Stewardship explained

This post from Msgr. Pope explains the scriptural undergirding of a teaching that defines who we are as Christians. Some excerpts:

Part of the essence of sin is behaving as though we were the owner. We develop an arrogant attitude that what we have is ours to do with as we please: “It’s mine, I can do what I want with it.” “It’s my body I can do as I please with it.” But in fact, everything belongs to God.

Although many pay little heed to the fact of judgment, Scripture warns, Say not, “I have sinned, yet what has befallen me?” For the Lord bides his time. Of forgiveness be not over-confident, adding sin upon sin. Say not, “Great is his mercy, my many sins he will forgive.” For mercy and anger are alike with him; upon the wicked alights his wrath. Delay not your conversion to the Lord, put it not off from day to day. For suddenly his wrath flames forth; at the time of vengeance you will be destroyed (Sirach 5:4).

Many are dedicated to developing (worldly) skills, and becoming incredibly knowledgeable. In earning money and holding down a job, many display great discipline: getting up early to go to work, working late, going the extra mile to please the boss.

But when it comes to faith many of these same people display only a rudimentary knowledge of things spiritual and show little interest in advancing in the faith or in praying. They will expend effort to please the boss, to please man, but not to please God. Parents will fight for scholarships for their children to get into the “best” schools. But when it comes to saving truth, the pews are empty and Sunday School is poorly attended.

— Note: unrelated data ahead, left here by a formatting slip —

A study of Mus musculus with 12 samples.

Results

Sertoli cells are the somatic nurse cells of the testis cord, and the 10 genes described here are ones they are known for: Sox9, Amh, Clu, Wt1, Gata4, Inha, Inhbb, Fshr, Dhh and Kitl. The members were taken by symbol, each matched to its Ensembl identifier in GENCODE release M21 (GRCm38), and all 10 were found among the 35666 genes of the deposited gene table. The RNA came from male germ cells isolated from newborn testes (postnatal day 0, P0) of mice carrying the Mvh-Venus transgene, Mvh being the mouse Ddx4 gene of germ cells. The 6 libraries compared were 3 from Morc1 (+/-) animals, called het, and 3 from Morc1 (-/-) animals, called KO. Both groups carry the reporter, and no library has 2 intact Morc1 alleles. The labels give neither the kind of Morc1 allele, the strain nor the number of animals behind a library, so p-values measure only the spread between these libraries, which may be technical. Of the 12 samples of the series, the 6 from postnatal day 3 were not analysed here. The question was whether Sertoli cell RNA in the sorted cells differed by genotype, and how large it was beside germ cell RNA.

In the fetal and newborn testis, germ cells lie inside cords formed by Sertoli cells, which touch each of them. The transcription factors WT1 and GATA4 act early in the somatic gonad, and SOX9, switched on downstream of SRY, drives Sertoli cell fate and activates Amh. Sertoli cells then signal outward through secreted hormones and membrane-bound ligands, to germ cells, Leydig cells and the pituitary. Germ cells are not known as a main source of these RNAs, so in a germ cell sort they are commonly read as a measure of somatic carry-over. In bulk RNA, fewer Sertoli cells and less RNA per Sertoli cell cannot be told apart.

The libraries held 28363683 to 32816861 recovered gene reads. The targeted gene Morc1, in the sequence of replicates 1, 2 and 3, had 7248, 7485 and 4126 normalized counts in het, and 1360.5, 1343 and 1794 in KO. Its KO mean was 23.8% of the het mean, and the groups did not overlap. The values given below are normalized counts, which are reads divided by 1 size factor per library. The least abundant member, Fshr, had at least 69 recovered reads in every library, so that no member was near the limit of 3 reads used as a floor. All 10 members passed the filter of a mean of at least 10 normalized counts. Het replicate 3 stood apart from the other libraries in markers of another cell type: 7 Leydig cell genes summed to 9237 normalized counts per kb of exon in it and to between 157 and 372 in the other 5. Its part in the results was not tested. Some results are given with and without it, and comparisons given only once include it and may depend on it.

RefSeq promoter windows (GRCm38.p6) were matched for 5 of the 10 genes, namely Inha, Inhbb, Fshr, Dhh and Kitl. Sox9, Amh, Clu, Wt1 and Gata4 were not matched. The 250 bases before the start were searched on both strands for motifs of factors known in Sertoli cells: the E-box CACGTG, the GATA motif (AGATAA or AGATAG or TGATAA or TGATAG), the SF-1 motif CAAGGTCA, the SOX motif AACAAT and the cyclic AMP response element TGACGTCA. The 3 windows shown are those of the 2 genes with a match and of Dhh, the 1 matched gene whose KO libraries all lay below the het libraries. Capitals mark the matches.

You can’t take it with you but you can send it on ahead. Scripture elaborates on this elsewhere: Command those who are rich in this present world not to be arrogant nor to put their hope in wealth, which is so uncertain, but to put their hope in God, who richly provides us with everything for our enjoyment. Command them to do good, to be rich in good deeds, and to be generous and willing to share. In this way they will lay up treasure for themselves as a firm foundation for the coming age, so that they may take hold of the life that is truly life (1 Tim 6:17). Notice that the passage says that through their generosity in this world, the rich store up treasure for themselves in Heaven.

This is the scriptural principle and the great paradox in the Kingdom of God: that we keep something for eternity only by giving it away. We save our life by losing it. We keep our treasure and store it in heaven by giving it away.